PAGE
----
Photoshop is one of the Internet’s eternal hate-issues.
It’s ubiquitous. It’s ridiculous. It causes problems.
It is no secret that advertisers and magazine producers use Photoshop extensively to make their models look thinner, sleeker and blemish free. But, because it helps people make money, it’s probably not going anywhere.
That hasn’t stopped sharp-eyed, anti-Photoshop activists from launching online petitions and boycotts, joining blogs that are devoted to ending the visual distortions the program helps promote.
A trio of representatives has been quietly working toward a more official type of action.
It’s called the “Truth in Advertising Act,” and it was introduced in late March by Reps. Ileana Ros-Lehtinen (R-FL), Lois Capps (D-CA) and Ted Deutch (D-PA) with vocal support from organizations like the Eating Disorders Coalition (EDC) and the Brave Girls Alliance (BGA).
Legislation was recently introduced into Congress by Seth Matlin who published an op-ed on The Huffington Post titled “Why Beauty Ads Should Be Legislated.” He called for integration from the Federal Trade Commission (FTC) to regulate the use of altered images in commercial advertisements.
If passed, the Truth in Advertising Act of 2014, would require the FTC to develop what’s called a “regulatory framework” for advertisements that make significant changes to a model’s image through digital retouching such as Photoshop.
Per the bill’s introductory language, it’s intended “to direct the Federal Trade Commission to submit to Congress a report on the use, in advertising and other media for the promotion of commercial products, of images that have been altered to materially change the physical characteristics of the faces and bodies of the individuals depicted.”
“We can no longer sit by and allow this to happen,” said Matlins. “Ads that take Kim Kardashian’s body and make it Miley Cyrus’s” should prompt “regulatory action.”
The bill does not directly advocate an immediate ban on photoshopped advertisements, but rather calls attention to the negative effects on the well-being of consumers.
These effects include unrealistic images of women in advertising that often get blamed for an increase in eating disorders and body image problems among young girls exposed to this type of media.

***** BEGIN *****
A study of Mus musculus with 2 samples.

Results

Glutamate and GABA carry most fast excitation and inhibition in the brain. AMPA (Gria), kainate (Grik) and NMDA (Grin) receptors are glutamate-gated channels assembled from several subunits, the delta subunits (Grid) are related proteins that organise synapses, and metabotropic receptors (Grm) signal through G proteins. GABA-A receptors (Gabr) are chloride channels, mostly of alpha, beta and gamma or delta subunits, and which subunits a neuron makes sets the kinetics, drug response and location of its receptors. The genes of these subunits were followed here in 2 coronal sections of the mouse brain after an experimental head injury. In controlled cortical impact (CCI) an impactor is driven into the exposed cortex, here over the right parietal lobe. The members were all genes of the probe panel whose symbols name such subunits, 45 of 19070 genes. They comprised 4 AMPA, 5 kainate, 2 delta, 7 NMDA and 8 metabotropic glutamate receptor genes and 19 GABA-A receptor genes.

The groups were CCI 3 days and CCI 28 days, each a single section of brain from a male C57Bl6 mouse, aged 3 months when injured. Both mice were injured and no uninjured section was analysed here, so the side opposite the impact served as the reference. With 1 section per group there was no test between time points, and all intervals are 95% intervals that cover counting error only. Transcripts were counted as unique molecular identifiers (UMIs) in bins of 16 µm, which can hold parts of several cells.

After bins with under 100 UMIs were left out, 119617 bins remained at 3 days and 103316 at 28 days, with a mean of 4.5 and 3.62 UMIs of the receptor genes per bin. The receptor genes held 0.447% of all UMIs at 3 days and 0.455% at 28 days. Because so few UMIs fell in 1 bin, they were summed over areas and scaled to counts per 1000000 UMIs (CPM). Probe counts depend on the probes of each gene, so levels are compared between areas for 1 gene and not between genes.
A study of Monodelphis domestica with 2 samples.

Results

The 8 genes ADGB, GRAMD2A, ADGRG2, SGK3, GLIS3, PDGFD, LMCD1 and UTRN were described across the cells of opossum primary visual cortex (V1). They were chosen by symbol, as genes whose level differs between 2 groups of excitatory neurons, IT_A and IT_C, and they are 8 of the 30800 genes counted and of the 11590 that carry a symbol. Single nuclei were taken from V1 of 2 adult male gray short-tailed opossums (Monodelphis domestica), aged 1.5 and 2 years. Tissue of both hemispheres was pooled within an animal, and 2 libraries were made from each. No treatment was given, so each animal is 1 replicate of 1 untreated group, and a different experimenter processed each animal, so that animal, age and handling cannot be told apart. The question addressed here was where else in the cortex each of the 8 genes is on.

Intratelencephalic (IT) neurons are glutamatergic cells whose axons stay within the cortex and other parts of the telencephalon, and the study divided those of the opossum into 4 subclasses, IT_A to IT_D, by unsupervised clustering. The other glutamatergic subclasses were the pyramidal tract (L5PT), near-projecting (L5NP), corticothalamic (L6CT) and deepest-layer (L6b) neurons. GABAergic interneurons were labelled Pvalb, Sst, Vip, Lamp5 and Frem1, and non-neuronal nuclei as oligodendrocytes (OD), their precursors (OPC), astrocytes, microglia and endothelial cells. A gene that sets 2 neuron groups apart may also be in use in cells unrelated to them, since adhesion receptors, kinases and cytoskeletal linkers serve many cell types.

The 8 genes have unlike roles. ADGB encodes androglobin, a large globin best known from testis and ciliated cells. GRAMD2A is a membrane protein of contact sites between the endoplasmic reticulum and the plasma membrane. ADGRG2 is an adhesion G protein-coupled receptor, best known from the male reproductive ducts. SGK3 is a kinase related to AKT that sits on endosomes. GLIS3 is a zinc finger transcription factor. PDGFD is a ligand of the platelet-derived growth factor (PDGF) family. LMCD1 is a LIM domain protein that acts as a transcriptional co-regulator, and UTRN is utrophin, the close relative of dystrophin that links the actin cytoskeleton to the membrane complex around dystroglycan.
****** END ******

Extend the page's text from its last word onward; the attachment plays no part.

According to The National Institute on the Media and Family, the medical statistics point to a problem: 53 percent of 13-year-old girls are dissatisfied with their appearance and body image. When they reach age 17, the number jumps to 78 percent.
Eating disorders have the highest mortality of all mental illnesses; 30 percent of high school girls and 16 percent of high school boys suffer from disordered eating.
“People shouldn’t have to change their lifestyles because of an advertisement they saw in a magazine. Photoshopped advertisements are obviously unrealistic, and for a girl to feel the need to change themselves for an image that isn’t even real is just absurd,” said sophomore Erika Marshall.
Supporters from the EDC argue that glossy magazines and print ads featuring unrealistically thin and beautiful women can cause problems for young girls’ self esteem and should be regulated to offer a more realistic image.
“Social media enforces the image that for a woman to be beautiful, you cannot have flaws. That is entirely not true and rather impossible. Everyone has flaws that shouldn’t be hidden or photoshopped to promote a ‘perfect’ image for advertisements,” said sophomore Sydney Cho.
When asked about the absence of involvement of the publishing industry, Matlins said, “It will not solve, nor address, every single problem that affects the way we feel about ourselves, that affects health and happiness. Our bill is not a First Amendment issue, because we’re not going against things that are universally protected.”
“The bill is a great idea. Businesses need restrictions on how much refurbishing and photoshopping can be done on an image. It’s definitely a step in the right direction,” said sophomore Alex Singer.